2019 Frontier: Embodies Tough Truck Image

Motor Matters

Nissan has a long history in the U.S. pickup market, and its Frontier is distinguished as a solid, consistent competitor. The 2019 Frontier is the oldest truck design on the market and remains the “standard bearer of Nissan truck heritage.” Upgrades for the 2005 model provided the basis for the Frontier on sale today.

Built on the rugged F-Alpha platform, the 2005 truck’s interior and exterior grew to midsize proportions. There have been many refinements since then, but no major changes. It’s rumored an all-new “futuristic” Frontier will roll into the market for 2021, but until then the current model continues as a respectable brand representative.

The design and engineering direction taken for the 2005 Frontier still appeals to truckers. Nissan reported its original goal was to create a “rugged truck look and feel, both inside and out, with a robust, athletic style and intelligent-utility design features.” Frontier stands apart from the slicker-bodied competitors with a tough, no-nonsense look in a fashion comparable to a Jeep Wrangler versus urbanized SUVs. Modest pricing, starting less than $20,000 for a King Cab S, earns it the title of “America’s most-affordable pickup.”

The high-end PRO-4X Crew Cab 4x4 test truck, base priced at $34,290, is a flexible design, capable of handling off-road demands, home-improvement duties and daily driving. Frontier’s length is roughly 6 inches less than competitors and it has a shorter wheelbase that makes it maneuverable and easy to park. The test-drive experience included narrow old-city streets that the pickup had to share with heavy traffic, including large commercial vehicles. It proved the right truck for this environment.

Also contributing to a comfortable driving experience is a tall seating position that provides a commanding view of the road, a clean-design cab interior with easy-to-use controls and supportive front bucket seats.

The 5-foot standard bed was put to work hauling a sofa and large chair. The standard factory-applied bedliner and Utili-track Channel System with four adjustable tie-down cleats helped alleviate the hassle of securing the furniture for cruising a long stretch of highway under high-wind conditions. The ability to slide and lock the cleats on rails made the process more efficient and allowed for retightening of tie-down ropes that was required along the way. The Frontier also is available with a 6-foot long bed to handle greater cargo needs.

A hefty gray roof rack with cross bars provides another cargo-toting opportunity. The rack is a part of an optional $2,100 Premium Package that includes: leather seats with embossed PRO-4X logos; eight-way power-adjustable and heated driver seat; four-way power-adjustable and heated passenger seat; power-adjustable and heated outside mirrors; power-sliding sunroof with tilt; and fold-down center armrest. Dual-zone automatic temperature control, and leather-wrapped steering wheel and gearshift grip are standard premium features.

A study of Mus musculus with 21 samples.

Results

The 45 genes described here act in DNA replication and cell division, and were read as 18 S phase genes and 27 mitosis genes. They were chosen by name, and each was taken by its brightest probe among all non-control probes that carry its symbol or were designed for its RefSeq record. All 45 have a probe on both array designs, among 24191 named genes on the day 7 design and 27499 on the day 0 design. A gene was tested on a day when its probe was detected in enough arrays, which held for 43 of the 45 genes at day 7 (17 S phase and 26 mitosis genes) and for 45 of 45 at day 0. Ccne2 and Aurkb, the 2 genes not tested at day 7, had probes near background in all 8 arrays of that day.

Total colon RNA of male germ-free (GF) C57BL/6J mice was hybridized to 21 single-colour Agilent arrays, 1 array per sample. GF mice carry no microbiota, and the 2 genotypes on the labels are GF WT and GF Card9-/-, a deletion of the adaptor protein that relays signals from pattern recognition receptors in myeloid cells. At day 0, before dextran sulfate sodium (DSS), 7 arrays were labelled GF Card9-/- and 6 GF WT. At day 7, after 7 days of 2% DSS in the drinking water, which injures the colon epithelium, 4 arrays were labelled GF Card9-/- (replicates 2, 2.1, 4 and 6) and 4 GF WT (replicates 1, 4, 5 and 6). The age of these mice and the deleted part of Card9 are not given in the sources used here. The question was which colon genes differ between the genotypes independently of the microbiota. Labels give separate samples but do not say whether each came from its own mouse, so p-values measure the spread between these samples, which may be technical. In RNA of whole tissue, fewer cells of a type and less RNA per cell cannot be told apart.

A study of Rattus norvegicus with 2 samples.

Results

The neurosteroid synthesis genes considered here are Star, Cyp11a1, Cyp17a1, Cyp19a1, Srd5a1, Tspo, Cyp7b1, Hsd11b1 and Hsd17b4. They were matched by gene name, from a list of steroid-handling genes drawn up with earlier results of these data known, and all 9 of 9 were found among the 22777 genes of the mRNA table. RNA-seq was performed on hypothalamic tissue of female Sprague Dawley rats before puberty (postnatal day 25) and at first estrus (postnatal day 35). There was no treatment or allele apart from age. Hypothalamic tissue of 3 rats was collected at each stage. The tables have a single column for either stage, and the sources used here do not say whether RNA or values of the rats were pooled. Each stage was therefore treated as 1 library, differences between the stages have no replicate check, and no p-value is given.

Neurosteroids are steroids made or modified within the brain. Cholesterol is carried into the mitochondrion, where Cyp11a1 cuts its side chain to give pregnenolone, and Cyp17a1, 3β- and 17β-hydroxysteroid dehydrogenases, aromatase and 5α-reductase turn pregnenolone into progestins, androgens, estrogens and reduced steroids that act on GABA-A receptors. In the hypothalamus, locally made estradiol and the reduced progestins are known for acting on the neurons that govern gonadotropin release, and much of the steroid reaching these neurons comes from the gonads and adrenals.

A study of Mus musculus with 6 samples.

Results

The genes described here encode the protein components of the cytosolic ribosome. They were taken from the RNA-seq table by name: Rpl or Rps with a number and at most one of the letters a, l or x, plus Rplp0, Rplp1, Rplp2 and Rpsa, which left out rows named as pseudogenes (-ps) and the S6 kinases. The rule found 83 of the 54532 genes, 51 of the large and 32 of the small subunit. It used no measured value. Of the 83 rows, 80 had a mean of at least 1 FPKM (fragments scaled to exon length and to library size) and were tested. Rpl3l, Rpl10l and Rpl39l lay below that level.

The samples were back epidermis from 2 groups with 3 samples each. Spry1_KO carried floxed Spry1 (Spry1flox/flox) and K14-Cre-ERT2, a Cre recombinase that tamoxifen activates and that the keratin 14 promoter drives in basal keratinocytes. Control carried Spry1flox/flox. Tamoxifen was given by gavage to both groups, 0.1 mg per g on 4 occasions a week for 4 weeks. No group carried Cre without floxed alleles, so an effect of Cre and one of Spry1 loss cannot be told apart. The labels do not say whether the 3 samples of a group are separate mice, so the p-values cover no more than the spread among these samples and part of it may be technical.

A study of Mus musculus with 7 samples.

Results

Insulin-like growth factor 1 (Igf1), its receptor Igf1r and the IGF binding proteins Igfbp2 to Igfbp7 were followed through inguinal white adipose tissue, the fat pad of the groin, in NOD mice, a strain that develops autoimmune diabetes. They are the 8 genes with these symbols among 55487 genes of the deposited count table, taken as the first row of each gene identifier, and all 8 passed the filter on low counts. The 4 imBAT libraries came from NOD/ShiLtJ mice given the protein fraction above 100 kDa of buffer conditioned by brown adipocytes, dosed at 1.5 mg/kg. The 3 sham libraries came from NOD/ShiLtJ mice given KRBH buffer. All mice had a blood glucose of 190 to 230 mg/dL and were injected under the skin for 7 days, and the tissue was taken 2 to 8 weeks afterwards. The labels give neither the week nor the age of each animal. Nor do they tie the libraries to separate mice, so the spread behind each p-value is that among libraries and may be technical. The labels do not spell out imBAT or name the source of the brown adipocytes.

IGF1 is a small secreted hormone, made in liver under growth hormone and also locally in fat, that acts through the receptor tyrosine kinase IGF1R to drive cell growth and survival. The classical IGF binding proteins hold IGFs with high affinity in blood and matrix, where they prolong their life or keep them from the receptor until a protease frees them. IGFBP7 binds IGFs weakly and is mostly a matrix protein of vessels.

Frontier lacks a pushbutton start, so a key has to be inserted into the ignition to crank the 4.0-liter V-6 engine. The V-6 propels it with 261 horsepower at 5,600 rpm and 281 lb.-ft. of torque at 4,000 rpm. The test truck is fitted with a five-speed automatic transmission, but in old-school rugged-truck spirit, a six-speed manual is available. Its launch and power up to highway speed are surprisingly quick. Estimated fuel economy for the test truck is 15 miles per gallon city and 21 mpg highway. Optimal 4.0 fuel efficiency is achieved via a 2WD with automatic transmission, which delivers an estimated 16 mpg city/23 mpg highway.

Frontier’s base engine is a 2.5-liter four-cylinder that generates 152 horsepower at 5,200 rpm and 171 lb.-ft. of torque at 4,400 rpm. It’s offered with a five-speed manual and a five-speed automatic transmission. Estimated fuel economy for a 2WD manual four-cylinder model is 19 mpg city/23 mpg highway.

Traction is provided by P265/75R16 all-terrain tires that wrap six-spoke graphite-colored “off-road” alloy wheels. Standard features contributing to the PRO-4X’s off-road capability are: Hill Start Assist and Hill Descent Control; electronic rear locking differential; Bilstein off-road high-pressure shocks; skid plates shielding the oil pan, fuel tank and transfer case; front tow hooks; splash guards; and fog lamps.

While trekking along rugged terrain, life in the cab stays civilized with infotainment features that are standard on the PRO-4X. Itís equipped with a NissanConnect 5.8-inch touch-screen display, NissanConnect Mobile Apps, navigation system, and voice recognition for navigation and audio. Tunes are pumped through 10 speakers from a Rockford Fosgate audio system. Increasing safety while backing are a rear-view monitor and rear sonar system.

This blending of comfort and convenience with ruggedness leads Nissan to describe its Frontier as having an “authentic truck style with innovation to get the job done. A true right-sized midsize pickup.”

Nissan’s 2019 Frontier is a rugged-look midsize pickup with a starting price less than $20,000. High-end 4x4 models such as the PRO-4X, powered by the 261-horsepower 4.0-liter V-6, are priced in the mid-$30,000s.